Nic – We are Northeastern



Can you define perseverance? When or how have you persevered?

“Perseverance is the hard work you do after you get tired of doing the hard work you already did.”  –Newt Gingrich

Every day I persevere in something. Life isn’t about what’s easy or readily given but what you challenge yourself to take on and learn from.  I’m currently a 3 class a semester student, while working as an EA full-time and balancing my personal needs and obligations. Every day I must remind myself not to give in no matter the reward or possible failure because I have seen what failure and success looks like and I much rather see whatever I’m struggling against to the end. It’s a mind over matter head game that I play in order to persevere over my hardships.  I strive for perfection, let’s say for example, getting straight As in school but I can still finish with a variation of grades and still succeed which is my driving force to keep going.

How have you overcome limitations and anxieties in your life? What do you hope others learn from your experience?

Understanding when something is not my fault and when I need to own it when it is. Processing in ways that are healthy, such as therapy, gym, goal setting and patience, has helped me overcome my prior limits and anxieties. I hope others learn that we’re more the same than we are different. Our stories do not need to be exact, but we have the capacity to empathize and support. I hope that me sharing my experience or anyone sharing isn’t meant for attention but to allow a platform to which we can connect and learn from each other.

What do you think the NEIU community has learned from you and what have you learned from the community?

I’ve learned that people want to listen; they’re not just here to go to school or work and leave. They want connection or in the least bit something to make “what they need to do” more palatable. I believe from one of my Sociology courses that my peers learned from me how to create conversation with topics that aren’t comfortable because I was open about my life. I allowed a platform for people to question and converse when typically we shut down things that aren’t light and easy.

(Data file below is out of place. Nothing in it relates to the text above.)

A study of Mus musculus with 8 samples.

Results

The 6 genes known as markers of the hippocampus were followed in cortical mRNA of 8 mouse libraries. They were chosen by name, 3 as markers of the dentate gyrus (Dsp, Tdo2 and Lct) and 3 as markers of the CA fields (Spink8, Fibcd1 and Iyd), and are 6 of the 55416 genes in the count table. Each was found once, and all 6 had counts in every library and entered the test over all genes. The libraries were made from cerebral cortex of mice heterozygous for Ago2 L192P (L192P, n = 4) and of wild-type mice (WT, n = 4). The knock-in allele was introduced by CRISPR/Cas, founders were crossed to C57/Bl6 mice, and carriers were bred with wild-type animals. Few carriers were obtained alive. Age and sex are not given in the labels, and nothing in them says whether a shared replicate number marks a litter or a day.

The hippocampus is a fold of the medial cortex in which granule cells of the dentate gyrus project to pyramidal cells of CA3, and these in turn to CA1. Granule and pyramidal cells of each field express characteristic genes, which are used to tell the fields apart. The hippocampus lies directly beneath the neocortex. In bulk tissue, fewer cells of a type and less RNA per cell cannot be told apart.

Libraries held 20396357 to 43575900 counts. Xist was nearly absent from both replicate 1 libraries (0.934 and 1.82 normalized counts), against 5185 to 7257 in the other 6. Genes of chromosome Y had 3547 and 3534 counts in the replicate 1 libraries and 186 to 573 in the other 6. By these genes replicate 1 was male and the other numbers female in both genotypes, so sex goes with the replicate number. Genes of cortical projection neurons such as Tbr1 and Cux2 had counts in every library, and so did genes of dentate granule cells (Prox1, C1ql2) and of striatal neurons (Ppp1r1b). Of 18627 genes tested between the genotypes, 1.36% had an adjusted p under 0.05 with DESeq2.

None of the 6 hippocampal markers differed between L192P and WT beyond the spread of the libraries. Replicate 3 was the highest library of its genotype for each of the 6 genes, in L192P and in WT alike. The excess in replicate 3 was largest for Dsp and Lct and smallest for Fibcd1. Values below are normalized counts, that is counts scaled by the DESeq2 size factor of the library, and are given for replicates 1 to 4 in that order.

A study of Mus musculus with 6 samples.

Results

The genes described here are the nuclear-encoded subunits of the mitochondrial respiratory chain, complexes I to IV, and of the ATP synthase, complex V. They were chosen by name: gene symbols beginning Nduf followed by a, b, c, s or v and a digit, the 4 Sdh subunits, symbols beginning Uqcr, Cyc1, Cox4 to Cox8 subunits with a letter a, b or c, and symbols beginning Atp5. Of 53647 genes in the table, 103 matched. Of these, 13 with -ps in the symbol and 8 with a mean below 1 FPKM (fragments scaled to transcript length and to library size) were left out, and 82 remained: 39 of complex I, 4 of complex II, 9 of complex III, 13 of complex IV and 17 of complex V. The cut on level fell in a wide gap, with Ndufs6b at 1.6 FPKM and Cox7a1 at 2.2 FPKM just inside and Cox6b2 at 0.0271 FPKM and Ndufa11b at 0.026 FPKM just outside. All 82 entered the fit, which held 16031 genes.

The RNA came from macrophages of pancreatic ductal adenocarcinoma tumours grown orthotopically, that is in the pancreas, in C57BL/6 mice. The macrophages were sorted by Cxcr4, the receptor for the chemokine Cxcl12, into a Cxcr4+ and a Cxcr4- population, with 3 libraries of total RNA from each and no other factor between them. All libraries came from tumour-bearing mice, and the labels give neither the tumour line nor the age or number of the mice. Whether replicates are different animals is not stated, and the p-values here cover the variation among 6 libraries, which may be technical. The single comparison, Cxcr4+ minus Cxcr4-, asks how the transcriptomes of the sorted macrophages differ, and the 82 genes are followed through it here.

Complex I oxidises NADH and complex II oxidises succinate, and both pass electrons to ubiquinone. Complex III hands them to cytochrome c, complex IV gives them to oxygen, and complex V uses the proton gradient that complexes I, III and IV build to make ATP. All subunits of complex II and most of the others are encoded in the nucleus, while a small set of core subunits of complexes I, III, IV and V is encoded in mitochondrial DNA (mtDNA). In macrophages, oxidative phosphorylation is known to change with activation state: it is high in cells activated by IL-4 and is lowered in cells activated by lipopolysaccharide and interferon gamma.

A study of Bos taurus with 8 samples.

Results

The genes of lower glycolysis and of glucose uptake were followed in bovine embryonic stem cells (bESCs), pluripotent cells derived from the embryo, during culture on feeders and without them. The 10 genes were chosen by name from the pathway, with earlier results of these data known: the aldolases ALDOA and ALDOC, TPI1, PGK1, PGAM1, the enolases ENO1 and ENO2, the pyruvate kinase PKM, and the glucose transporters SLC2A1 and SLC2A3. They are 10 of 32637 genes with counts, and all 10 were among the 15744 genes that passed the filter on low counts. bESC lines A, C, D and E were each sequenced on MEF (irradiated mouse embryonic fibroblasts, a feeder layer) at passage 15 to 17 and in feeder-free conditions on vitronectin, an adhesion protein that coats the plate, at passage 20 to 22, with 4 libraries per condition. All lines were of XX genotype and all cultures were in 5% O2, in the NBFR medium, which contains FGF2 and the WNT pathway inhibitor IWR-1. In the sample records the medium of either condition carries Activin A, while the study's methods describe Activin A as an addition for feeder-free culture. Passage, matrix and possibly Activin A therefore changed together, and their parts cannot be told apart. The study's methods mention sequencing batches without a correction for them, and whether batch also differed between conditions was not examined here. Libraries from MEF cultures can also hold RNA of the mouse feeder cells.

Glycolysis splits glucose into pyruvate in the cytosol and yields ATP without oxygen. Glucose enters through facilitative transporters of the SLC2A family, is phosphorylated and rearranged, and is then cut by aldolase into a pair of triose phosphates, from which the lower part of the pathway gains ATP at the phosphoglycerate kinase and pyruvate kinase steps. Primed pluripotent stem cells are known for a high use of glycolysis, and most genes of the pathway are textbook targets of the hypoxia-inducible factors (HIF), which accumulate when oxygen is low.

Why do you believe a person gravitates toward one identity or another? What mistakes do you think people make assigning identities to each other?

I don’t have a belief as to why we gravitate toward one identity or another, but I do see in myself my identity connects me to others like me. Which allows me to form a community that isn’t the current “norm” and gives others skating by a chance to see there is no real definition of normal; we’re all here taking up space with variation identities. I feel the mistakes people make in identifying others has multiple intersections, one being the assumption stems from outdated academic learning in reference to other countries, race, religion etc. A second mistake is the need to fit everything into a box in order of their personal understanding, and a third mistake is lacking the tools to communicate. Instead of autopiloting a label we’ve yet to learn how to ask one another details about ourselves that aren’t intrusive, uncomfortable, over the line etc.

You have expressed your belief in sex positivity. Can you explain what sex positivity is and why it is important to you?

Sex positivity is the personal understanding to all components surrounding sex/sexuality while embracing your own freedom. It’s owning, appreciating and loving the skin you’re in and how you chose to present, share and engage with it and others in a consenting way. Sex positivity is important to me because naturally we are sexual beings. The mere act to which we’re all engaging in the sexual nature with partner(s) is a universal norm widespread from race, religion, culture etc. It’s important to feel your choice is valid whether you’re completely covered or comfortable in the nude, engaging in monogamy or polyamory, it all boils down to understand consent. The importance of sex positivity is a domino effect to eliminate or lessen our issues from hate, rape, abuse and shaming.